Andrew Bynum: Setback Shows Talented Center Isn't Ready to Become Face of 76ers
If Andrew Bynum actually cared, his potential would be limitless.
He could be the face of the Philadelphia 76ers franchise, playing a key role in the young team's Eastern Conference uprising.
But he doesn't care—or at least he doesn't show it.
If a player cared, would he go bowling while he's rehabbing his knees? Of course he wouldn't, but Bynum did.
ESPN's Chris Broussard and Brian Windhorst reported the story, that "The Philadelphia 76ers fear All-Star center Andrew Bynum might have done additional damage to his knees while bowling." I read that, and I laughed, but he hadn't confirmed it himself, so there was a chance that it wasn't completely true—until Sunday.
According to The Philadelphia Inquirer reporter John Mitchell, Bynum confirmed the laughable news:
Bynum just confirmed that the damage to his knee occurred while bowling.— john mitchell (@JmitchInquirer) November 18, 2012
Broussard and Windhorst's report did note that bowling isn't one of the activities that are disallowed in standard NBA contracts, but come on. That doesn't give Bynum an out here.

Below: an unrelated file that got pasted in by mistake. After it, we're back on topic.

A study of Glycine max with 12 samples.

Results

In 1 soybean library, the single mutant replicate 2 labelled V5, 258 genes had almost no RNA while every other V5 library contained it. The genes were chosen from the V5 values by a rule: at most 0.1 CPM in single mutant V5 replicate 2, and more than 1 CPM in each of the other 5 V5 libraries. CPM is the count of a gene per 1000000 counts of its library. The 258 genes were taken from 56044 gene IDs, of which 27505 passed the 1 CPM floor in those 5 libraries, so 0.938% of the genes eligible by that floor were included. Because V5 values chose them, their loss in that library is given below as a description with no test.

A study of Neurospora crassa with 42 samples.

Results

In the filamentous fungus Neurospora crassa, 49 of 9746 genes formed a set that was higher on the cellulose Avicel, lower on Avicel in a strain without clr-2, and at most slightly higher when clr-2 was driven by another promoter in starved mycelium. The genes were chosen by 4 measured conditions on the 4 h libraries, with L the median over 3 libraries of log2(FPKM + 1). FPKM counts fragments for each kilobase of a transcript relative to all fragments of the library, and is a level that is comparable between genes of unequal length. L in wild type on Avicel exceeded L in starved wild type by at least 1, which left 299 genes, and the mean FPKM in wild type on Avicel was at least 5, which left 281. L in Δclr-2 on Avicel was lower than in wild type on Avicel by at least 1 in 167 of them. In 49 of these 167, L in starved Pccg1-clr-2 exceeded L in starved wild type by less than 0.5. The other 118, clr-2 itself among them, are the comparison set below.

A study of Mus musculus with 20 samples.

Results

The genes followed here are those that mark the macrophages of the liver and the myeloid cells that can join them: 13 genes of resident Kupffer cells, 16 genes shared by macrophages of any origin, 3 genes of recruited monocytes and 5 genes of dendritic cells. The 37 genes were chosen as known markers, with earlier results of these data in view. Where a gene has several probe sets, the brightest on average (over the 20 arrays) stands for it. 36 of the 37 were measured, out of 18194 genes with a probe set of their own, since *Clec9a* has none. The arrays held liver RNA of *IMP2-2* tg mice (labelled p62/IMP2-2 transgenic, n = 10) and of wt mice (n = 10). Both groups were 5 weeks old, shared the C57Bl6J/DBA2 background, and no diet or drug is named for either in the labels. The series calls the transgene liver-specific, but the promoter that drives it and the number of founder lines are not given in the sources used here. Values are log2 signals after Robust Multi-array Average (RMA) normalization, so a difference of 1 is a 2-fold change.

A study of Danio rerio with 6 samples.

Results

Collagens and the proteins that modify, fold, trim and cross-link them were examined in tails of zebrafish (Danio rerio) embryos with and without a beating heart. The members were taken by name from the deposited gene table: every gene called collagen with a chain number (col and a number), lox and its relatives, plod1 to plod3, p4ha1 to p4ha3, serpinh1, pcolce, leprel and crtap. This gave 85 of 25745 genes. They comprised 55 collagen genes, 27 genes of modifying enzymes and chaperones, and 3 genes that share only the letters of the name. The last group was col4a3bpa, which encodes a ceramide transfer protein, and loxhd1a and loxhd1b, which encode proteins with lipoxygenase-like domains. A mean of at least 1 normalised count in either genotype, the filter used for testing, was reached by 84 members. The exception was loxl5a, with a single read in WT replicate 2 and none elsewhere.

He's injured, and he's on a new team. He should want to get back on the court as soon as possible to prove himself to his new squad. No way, no how, is bowling benefiting that. Sure, his setback was probably more bad luck than anything, but what does it say about the player who would risk it?
It doesn't say much, and, in Bynum's case, no one should be surprised. This is the same guy who carried Playmates around on his shoulders while he was injured in 2009 (via Sports Illustrated).
He has never had a reputation as one of the league's most mature players, and he's either oblivious to that, or, again, he just doesn't care.
There's no doubting Bynum's ability on the offensive end. He averaged 18.7 points and 11.9 rebounds last year. He shows touch that most seven-footers would never dream of, consistently making shots from anywhere around the paint.
But being a superstar requires more than that. If he wants to be the face of the 76ers franchise, like they expect, then he must grow up and take things more seriously.
Bowling is fun. I like bowling. I've never carried a Playmate around on my shoulders, but I can imagine that that's a good time too—but Bynum's an NBA player. Right now, he's an injured NBA player. Getting back on the court requires rigorous rehab, not living it up until your full-time job begins again.
Bynum is only 25 years old, so there's still time, but Philadelphia should be shaking its head over this one. Instead of making shots, the big man would rather roll strikes.